Julian Wasser started his career in photography in the Washington DC bureau of the Associated Press where he met and accompanied the famous news photographer Weegee – who would become a lasting influence on him. In the mid-60s Wasser moved to Los Angeles as a contract photographer for TIME, LIFE, and FORTUNE magazines and becoming internationally known as the go to guy for getting candid but memorably composed photographs. (His iconic images of Jack Nicholson and Anjelica Huston; Marcel Duchamp and Eve Babitz; and a young Jodie Foster are already classics.)
In 1968 TIME Magazine assigned Wasser to go to the home of the young writer Joan Didion whose book Slouching Towards Bethlehem was becoming a literary sensation. “I’d read her fiction,” said Wasser. “and she didn’t miss a thing. She was such a heavyweight person.”
Wasser shot Didion at her rented house on Franklin Avenue in Hollywood, where she lived with her husband, the writer John Gregory Dunne, and their daughter, Quintana Roo. “It was a nice, cozy house,” Wasser remembers. “And she was a very easy person to talk to. No Hollywood affectations.”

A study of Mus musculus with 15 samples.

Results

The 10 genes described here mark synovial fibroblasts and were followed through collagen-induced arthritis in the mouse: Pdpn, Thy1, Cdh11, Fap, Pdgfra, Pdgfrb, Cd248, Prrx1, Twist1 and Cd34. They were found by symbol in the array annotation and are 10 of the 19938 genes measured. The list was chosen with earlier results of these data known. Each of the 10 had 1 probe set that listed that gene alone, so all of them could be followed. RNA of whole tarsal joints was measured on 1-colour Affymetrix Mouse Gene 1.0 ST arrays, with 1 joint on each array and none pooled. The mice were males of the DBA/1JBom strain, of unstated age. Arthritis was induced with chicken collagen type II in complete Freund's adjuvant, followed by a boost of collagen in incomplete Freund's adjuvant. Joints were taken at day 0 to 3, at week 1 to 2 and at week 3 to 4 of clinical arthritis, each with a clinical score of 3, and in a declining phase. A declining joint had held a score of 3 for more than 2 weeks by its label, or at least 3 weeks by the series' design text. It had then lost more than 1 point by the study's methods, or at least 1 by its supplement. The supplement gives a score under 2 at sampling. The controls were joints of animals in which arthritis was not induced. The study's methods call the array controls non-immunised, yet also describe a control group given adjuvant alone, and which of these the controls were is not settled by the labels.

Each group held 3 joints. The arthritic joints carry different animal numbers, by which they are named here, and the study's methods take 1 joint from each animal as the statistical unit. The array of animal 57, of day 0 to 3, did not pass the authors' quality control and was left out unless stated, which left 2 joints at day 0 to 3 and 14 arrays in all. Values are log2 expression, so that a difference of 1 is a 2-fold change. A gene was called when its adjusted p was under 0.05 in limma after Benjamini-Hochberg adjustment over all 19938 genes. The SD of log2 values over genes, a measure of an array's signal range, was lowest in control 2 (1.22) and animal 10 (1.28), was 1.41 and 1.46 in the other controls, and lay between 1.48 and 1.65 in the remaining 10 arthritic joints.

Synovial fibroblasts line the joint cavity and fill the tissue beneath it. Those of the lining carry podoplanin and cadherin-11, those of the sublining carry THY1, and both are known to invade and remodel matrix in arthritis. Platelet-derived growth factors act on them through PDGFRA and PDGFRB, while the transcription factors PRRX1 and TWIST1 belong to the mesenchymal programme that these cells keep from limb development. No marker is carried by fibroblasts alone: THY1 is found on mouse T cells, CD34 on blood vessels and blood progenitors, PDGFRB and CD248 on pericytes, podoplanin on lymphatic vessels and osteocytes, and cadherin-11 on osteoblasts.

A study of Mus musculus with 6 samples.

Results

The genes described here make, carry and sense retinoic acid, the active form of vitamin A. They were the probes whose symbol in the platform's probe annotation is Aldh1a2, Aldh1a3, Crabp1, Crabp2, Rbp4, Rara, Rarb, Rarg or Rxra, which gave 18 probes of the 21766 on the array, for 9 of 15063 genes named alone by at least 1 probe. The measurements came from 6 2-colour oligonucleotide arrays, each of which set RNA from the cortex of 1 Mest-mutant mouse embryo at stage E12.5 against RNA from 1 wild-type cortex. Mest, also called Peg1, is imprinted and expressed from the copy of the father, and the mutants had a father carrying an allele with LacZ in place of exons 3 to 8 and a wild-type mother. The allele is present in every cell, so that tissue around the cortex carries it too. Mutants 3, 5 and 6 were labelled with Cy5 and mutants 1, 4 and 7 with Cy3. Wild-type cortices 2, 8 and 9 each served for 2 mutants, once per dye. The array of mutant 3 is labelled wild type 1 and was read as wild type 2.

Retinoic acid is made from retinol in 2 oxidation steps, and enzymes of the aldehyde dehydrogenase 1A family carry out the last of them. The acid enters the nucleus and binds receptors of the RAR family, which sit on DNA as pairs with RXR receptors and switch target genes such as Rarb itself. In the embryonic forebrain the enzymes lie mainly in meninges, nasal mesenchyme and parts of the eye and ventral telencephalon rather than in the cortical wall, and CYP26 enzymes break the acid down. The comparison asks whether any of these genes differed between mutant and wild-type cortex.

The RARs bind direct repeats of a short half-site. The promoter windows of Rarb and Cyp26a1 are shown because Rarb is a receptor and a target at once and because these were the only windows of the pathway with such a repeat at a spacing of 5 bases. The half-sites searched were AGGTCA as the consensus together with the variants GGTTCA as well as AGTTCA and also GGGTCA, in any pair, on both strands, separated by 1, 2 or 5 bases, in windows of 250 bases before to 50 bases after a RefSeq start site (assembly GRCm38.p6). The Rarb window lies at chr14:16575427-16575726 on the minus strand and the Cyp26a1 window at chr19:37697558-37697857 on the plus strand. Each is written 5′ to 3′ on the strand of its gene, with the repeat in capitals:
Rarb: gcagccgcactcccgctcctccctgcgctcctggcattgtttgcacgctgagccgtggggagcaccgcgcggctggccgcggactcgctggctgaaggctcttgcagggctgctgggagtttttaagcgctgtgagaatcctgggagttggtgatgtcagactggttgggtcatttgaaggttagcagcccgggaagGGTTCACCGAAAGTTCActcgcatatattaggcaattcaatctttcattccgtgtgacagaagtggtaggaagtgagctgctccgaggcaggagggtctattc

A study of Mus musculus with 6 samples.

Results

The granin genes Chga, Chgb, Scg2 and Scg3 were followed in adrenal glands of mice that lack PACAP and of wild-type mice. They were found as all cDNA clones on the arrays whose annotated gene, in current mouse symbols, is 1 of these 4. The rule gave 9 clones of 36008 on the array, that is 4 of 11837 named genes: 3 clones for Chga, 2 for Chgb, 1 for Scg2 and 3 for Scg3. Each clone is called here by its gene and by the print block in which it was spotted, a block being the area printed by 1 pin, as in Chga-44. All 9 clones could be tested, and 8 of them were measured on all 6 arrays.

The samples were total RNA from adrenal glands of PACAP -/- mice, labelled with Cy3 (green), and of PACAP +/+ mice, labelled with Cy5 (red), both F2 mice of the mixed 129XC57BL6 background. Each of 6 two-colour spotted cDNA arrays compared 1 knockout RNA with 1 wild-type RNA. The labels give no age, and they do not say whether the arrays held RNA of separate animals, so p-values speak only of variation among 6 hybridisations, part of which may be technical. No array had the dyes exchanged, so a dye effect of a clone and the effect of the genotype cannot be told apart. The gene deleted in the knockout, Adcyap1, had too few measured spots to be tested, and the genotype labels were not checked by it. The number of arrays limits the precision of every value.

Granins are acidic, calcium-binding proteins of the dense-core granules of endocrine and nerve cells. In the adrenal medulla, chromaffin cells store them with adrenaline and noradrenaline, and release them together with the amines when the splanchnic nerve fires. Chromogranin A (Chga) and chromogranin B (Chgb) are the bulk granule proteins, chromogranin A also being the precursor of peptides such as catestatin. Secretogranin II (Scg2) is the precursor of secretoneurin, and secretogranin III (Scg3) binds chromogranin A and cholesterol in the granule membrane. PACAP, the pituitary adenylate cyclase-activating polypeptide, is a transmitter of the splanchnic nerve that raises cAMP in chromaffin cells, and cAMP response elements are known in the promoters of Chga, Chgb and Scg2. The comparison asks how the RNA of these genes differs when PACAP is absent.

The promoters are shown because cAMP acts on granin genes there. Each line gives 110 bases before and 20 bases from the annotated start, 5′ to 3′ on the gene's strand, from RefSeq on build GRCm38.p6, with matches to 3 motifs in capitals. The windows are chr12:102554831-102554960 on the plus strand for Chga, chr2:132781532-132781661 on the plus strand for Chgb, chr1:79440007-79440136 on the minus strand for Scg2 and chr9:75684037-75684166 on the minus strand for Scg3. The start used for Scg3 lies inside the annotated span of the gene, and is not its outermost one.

They started the shoot inside the house, and then moved outside where Wasser posed Didion with her recently acquired yellow Corvette Stingray. Didion has said that the photograph with Quintana Roo on her lap was her favorite, but the shots with the Stingray and the indoor three-quarter portrait became such icons of style that they inspired the fashion house Celine to do a campaign with the model Daria Werbowy posing in the window of a car just like Didion.
For our project show – Didion by Wasser – the gallery will be exhibiting selected published images as well as outtakes and never before seen contact sheets of Didion that with their repetitive variations take on a Warholian aura.